Makoto Shinkai Credits Korean Studios for Role in Producing Japanese Anime
Anime director Makoto Shinkai (your name., 5 Centimeters Per Second, The Garden of Words) visited South Korea on Wednesday. He appeared on a television news program on the SBS network on Thursday and held a press conference in Seoul on Saturday. During his visit, Shinkai explained the importance of South Korean studios to Japanese anime.
On the program, the anime director responded to a question about South Korean names appearing in the credits of your name., Shinkai’s latest work. He said:
A Korean woman has been one of the main staff members for my studio for ten years. Also, I would say that Japanese animation itself cannot be detached from Korean animation studios. If there are no Korean studios, making one animation is difficult. Korea bears a big part [of Japan’s anime] on its shoulders.
Although South Korean staff members are common for Japanese anime, they often receive little recognition within Japan. Animated works produced entirely by South Korean companies also typically fail to earn widespread popularity in Japan.
The Japanese newspaper Sankei Shimbun recently published a negative review of the South Korean live-action Gunkanjima (Battleship Island) film and labeled it as “anti-Japanese.” The film, starring Song Joong-ki and So Ji-sub, is slated to open in July. The film focuses on South Korean conscripted civilians who were made to work in coal mines on Hashima Island, Nagasaki Prefecture from the 1930s until the end of World War II.
Shinkai responded to discussion about the film at the press conference on Friday. He said that he did not know the film well, but “I think [we] should start with a human approach, saying ‘The country of Japan can’t consent, but I like culture.’ or ‘The country of Korea can’t consent, but I like films.'”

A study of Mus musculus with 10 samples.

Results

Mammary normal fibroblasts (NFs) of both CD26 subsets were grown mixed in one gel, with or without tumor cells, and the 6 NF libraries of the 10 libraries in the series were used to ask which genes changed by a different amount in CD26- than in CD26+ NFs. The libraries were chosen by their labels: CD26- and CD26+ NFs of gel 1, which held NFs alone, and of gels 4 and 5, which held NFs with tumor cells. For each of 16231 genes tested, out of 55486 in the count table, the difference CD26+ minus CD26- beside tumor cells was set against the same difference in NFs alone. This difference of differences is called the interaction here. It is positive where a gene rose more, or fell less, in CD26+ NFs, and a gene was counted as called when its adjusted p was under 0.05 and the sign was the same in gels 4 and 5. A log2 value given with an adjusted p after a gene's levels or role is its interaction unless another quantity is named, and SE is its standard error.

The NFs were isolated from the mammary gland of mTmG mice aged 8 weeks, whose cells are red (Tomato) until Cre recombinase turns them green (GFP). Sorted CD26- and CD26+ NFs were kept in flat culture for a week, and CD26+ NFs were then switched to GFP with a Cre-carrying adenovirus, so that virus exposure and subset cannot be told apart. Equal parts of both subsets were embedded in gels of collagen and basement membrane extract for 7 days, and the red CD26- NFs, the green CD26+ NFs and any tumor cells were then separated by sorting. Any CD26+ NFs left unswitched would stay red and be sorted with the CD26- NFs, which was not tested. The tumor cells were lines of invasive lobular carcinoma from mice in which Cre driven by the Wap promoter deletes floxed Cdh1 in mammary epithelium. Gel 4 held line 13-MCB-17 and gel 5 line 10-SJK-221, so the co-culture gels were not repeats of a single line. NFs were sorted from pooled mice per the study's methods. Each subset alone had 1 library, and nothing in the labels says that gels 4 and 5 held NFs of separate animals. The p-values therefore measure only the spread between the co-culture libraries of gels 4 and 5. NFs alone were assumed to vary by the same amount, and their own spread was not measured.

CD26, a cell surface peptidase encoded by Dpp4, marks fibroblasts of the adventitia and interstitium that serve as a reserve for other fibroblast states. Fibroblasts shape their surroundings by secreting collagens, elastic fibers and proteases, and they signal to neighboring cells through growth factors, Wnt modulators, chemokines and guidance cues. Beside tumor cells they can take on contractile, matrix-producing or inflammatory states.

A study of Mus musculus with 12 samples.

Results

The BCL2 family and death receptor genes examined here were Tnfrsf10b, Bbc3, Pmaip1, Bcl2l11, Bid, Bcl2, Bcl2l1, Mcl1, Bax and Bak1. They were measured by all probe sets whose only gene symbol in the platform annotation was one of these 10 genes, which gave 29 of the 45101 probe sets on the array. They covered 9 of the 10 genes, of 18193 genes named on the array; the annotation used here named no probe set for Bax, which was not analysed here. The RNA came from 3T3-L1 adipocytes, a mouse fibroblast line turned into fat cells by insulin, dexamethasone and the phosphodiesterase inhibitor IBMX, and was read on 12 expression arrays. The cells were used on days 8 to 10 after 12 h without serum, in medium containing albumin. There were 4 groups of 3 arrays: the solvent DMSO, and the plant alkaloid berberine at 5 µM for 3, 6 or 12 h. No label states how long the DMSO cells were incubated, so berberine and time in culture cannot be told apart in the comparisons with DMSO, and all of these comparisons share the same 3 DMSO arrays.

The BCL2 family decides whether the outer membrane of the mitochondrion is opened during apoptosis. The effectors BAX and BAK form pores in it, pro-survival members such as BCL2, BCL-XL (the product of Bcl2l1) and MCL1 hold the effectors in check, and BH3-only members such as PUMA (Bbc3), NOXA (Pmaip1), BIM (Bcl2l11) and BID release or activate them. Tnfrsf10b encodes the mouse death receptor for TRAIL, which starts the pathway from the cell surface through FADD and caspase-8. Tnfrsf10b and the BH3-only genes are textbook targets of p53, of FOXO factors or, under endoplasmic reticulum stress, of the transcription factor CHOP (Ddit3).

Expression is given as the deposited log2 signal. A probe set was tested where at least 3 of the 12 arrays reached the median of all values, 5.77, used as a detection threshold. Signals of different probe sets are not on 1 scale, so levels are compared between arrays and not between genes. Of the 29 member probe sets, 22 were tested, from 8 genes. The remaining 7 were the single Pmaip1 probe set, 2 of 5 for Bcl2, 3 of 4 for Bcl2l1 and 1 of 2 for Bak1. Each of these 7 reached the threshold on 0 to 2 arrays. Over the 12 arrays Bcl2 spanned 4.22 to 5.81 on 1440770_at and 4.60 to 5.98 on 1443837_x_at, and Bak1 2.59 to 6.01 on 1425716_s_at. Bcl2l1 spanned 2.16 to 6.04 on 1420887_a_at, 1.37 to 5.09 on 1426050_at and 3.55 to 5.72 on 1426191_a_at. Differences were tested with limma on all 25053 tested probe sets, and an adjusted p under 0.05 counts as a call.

The director offered his comments to South Korean fans:
We really live close, living as neighbor countries, and I think we share various values. As far as things that people in Korea think are delicious, things that they think are beautiful, there are similar beautiful things. Similarly, as far as films that we think are fun, I had confidence with this work that Korean people could enjoy [the film, too].
South Korea lifted its ban on Japanese films in 1998. Theatrical screenings of your name. have sold more than 3.5 million tickets in Korea. The film is now the highest-selling Japanese film in South Korea ever. Shinkai returned to South Korea because he had promised to revisit the country if the film beat Howl’s Moving Castle‘s previous record of 3.01 million tickets.
your name. premiered in South Korea on January 4 and sold 1.18 million tickets for the equivalent of US$8.1 million in its first five days. The film topped the South Korean box office, selling 837,556 tickets during its first weekend. The film remained at #1 at the South Korean box office in its second weekend.
The film also ranked #1 on its opening day, selling 130,000 tickets to earn 100 million yen (about US$859,000). The last time a Japanese film topped the box office in South Korea was when Howl’s Moving Castle premiered in 2004. Shinkai’s film opened on 555 screens in South Korea, which is a new record for a Japanese film.
The film screened at the 18th Bucheon International Animation Film Festival in October, and won both the Special Distinction Prize and the Audience Prize for the feature film category. It is the first film of its category to win both awards.